A report from the 2023 Heystfagnaður

Written by Martin Kristoffur Kristiansen. Translated from the original article in Faroese.

Heystfagnaður is an annual festival that celebrates everything Faroese relating to Autumnal activities and traditions.  The following is a first-person report from the Saturday of Heystfagnaður 2023.

Saturday is the main day of any Heystfagnaður festival and the schedule is packed with various activities.

The clock has just passed 1 pm as I make my way to the main festival area. The main stage catches the attention of the many attendees who have braved the cold this afternoon, their eyes fixed on the yarn winding competition which is in full swing. The boat houses in the harbour area are well decorated for the festival, and a positive spirit lies in the air. Everyone seems to be in the Heystfagnaður spirit.

Walking around the main festival area, it’s as if there is something new wherever you look, and there are plenty of opportunities for purchasing food and drink.

One of the novelty food items this year was the deep-fried sheep testicles, or “Lamb Fries”, to give the dish its culinary, and frankly more appealing term. They were provided by Faroese chef and media personality Gutti Winther, in cooperation with local 7th-grade pupils. When asked how they liked this item, most patrons responded positively, with one comparing the texture to that of “lippur”. The chin meat of a cod. A Faroese delicacy.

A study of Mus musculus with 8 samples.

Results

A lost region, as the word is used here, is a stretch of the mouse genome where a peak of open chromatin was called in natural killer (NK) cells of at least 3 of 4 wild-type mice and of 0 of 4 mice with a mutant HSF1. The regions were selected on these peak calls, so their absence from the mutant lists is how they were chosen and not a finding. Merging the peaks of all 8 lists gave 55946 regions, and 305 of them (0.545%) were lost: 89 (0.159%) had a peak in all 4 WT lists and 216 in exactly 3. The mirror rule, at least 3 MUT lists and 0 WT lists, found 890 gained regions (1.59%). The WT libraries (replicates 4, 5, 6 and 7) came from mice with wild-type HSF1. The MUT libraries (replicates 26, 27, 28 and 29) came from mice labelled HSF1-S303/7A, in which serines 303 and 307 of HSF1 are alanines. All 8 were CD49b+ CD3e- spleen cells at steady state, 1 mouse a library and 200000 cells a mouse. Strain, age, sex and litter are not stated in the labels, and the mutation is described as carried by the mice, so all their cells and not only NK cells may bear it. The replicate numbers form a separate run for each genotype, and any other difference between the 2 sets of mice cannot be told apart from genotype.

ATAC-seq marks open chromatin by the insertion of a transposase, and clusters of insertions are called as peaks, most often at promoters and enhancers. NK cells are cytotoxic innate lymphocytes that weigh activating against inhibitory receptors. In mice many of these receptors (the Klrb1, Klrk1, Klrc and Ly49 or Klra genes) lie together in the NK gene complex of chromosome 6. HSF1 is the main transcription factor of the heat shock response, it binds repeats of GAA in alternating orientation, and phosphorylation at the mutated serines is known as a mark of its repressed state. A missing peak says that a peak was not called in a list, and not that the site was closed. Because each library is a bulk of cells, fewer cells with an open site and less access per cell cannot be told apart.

The crowd looks on as the sheep slaughter competition progresses. 

Eventually, the crowd sets up on the main stage once again, where one of the main events of the festival, the sheep slaughtering competition, is about to begin. There is excitement in the air, as the competitors enter the stage, and the judges explain the rules. Cleanliness of the slaughter counts for a large percentage of points total, and 40 % of the total is allocated to time management. After two rounds, it’s time for the final. The eventual winner was Eivindur Eyðunsson from the village of Trøllanes.

Sprinkled throughout the day are a few concerts aimed at children and adults alike, with the main attraction being Dynamitt, a very popular Faroese band that never fails to get the crowd going. This time was no exception, as they crowd sang along to their many hits.

Earlier in the week, the festival organisers held a dance class for anyone interested. This was to get people dancing on the final event of this saturday, namely the big dance in the Hólmahús event hall. A fitting end to the 10th annual festival.